Our decennial census has entered the final public phase; volunteers have started hitting the streets in order to collect information from households that haven’t provided their information to the U.S. Census Bureau. In light of the ongoing threat from the novel coronavirus, those volunteers in a very real sense are putting their lives at risk in order to gather the information. They believe participation is that important.
President Trump recently issued an executive order shortening the time those volunteers have to gather the information, setting a cutoff date for the end of this month.
This makes it all the more important to fill out the questionnaire as soon as possible.
It also creates special challenges for areas like South Texas, which has two major challenges to securing an accurate count. The first is the fear of many immigrants, and their families, that the information might be used against them. Citizenship status is not part of the data gathered, however.
Another factor affecting the Valley count is the roughly 1,400 colonias that pepper the region. Many began as illegal developments and many don’t have addresses that a census form could reach — or a volunteer might find.
Why is the census so important? Because so much is at stake. The information gathered in the population count will affect the Rio Grande Valley directly for at least 10 years, and indirectly for decades to come. That begins with the primary reason for the census as stated in the Constitution: “Representatives and direct Taxes shall be apportioned among the several States … according to their respective Numbers ….” The Valley currently shares representation from three U.S. House members — Filemon Vela, Vicente Gonzalez and Henry Cuellar. Longtime residents might remember when we had a single voice in Washington, and even someone who became as influential as the late Eligio “Kika” de la Garza didn’t match the benefits of our current trio of advocacy.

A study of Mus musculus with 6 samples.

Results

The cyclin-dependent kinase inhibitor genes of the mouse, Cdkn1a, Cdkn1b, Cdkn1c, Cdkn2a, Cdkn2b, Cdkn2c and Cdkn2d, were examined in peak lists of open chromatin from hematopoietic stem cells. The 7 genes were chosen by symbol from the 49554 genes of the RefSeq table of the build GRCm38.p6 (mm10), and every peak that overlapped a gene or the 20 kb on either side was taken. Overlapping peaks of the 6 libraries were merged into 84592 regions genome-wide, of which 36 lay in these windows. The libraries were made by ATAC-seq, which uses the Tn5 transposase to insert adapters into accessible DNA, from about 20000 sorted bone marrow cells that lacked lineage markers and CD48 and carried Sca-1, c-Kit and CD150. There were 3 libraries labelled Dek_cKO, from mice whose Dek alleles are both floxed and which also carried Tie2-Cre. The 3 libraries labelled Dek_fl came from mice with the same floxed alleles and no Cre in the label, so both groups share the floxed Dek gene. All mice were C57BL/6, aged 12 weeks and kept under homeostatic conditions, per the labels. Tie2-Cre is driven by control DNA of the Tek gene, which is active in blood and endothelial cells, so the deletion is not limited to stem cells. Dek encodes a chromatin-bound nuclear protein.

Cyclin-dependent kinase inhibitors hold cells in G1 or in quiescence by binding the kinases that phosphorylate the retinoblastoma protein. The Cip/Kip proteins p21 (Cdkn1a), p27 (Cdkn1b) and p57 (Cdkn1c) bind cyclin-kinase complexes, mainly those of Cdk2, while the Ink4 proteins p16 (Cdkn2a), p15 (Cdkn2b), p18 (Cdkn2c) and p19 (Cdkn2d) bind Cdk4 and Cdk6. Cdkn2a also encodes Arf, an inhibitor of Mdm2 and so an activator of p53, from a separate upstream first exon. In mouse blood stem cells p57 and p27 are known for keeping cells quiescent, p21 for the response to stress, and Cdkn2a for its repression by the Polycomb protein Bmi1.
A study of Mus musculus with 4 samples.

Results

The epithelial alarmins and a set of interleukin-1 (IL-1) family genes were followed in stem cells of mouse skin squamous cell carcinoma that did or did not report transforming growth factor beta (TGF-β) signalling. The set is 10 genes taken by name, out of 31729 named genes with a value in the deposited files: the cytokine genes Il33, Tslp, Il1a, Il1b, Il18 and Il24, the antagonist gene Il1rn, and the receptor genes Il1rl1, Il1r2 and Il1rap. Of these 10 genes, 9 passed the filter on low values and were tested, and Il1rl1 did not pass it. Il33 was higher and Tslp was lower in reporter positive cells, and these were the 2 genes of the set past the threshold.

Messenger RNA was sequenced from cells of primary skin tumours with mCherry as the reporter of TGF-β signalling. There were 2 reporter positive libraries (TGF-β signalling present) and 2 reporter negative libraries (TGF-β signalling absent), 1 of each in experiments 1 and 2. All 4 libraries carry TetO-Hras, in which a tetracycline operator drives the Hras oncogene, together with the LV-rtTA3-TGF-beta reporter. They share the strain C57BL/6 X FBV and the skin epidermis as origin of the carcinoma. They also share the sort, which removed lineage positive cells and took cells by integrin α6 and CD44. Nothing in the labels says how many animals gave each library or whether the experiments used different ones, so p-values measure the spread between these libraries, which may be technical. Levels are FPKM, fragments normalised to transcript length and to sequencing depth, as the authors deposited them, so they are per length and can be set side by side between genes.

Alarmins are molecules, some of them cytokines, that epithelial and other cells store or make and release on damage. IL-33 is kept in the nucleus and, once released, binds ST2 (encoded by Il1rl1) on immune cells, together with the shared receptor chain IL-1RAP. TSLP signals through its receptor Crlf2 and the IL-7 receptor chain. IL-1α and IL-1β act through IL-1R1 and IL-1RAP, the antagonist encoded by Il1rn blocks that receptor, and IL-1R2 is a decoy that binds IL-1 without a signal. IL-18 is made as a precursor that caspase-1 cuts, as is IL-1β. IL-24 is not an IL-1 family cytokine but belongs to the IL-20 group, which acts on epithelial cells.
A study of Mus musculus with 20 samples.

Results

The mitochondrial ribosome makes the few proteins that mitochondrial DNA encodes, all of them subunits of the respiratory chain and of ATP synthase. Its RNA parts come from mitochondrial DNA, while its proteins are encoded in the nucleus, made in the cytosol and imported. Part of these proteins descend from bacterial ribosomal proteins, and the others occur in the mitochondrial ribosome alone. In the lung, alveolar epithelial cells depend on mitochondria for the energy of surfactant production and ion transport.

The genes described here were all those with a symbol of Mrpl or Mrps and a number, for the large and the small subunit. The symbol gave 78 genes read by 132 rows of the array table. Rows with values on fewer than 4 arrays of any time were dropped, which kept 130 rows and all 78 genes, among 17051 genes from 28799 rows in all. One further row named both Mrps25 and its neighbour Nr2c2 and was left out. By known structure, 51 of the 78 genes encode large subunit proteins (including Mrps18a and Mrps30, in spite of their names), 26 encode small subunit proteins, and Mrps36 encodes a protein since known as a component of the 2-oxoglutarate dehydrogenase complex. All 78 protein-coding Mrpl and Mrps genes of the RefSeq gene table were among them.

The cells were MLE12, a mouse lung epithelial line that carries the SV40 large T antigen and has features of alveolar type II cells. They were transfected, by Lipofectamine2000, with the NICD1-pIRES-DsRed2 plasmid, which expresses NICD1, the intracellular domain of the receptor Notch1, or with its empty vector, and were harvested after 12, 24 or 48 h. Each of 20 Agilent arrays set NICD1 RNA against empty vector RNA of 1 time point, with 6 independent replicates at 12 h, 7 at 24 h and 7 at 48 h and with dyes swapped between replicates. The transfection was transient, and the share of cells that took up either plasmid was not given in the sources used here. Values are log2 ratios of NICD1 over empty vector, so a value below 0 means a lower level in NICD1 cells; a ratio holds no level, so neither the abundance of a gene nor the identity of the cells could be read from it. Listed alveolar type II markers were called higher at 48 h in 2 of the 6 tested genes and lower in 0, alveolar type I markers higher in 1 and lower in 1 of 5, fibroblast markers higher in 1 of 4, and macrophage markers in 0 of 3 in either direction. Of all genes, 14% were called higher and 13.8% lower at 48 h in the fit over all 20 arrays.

Similarly, population figures are used also to reset boundaries for state, county and other local political districts. As those boundaries change some people might find their representation change in Congress, city commission or even their school board.
Advocates for full census participation often note how it affects the allocation of funding, and with good reason. An undercount means that the amount of money sent here to create and maintain infrastructure, provide services and allocate block grants won’t be enough to offset the needs and uses of the population. Valley residents often complain about the condition of roads, drainage problems and other inadequacies; those could be the result of insufficient funding caused by inaccurate census counts.
Delays in the process caused by the COVID-19 pandemic, coupled with the new, tighter window for data collection, adds urgency to the effort to count all Valley residents as quickly as possible. If you haven’t provided your information, please cooperate with any census taker who arrives at your door, or go to website 2020census.gov and respond to the prompts; the entire process should take about 10 minutes and basic information requested — size of household, ages, etc.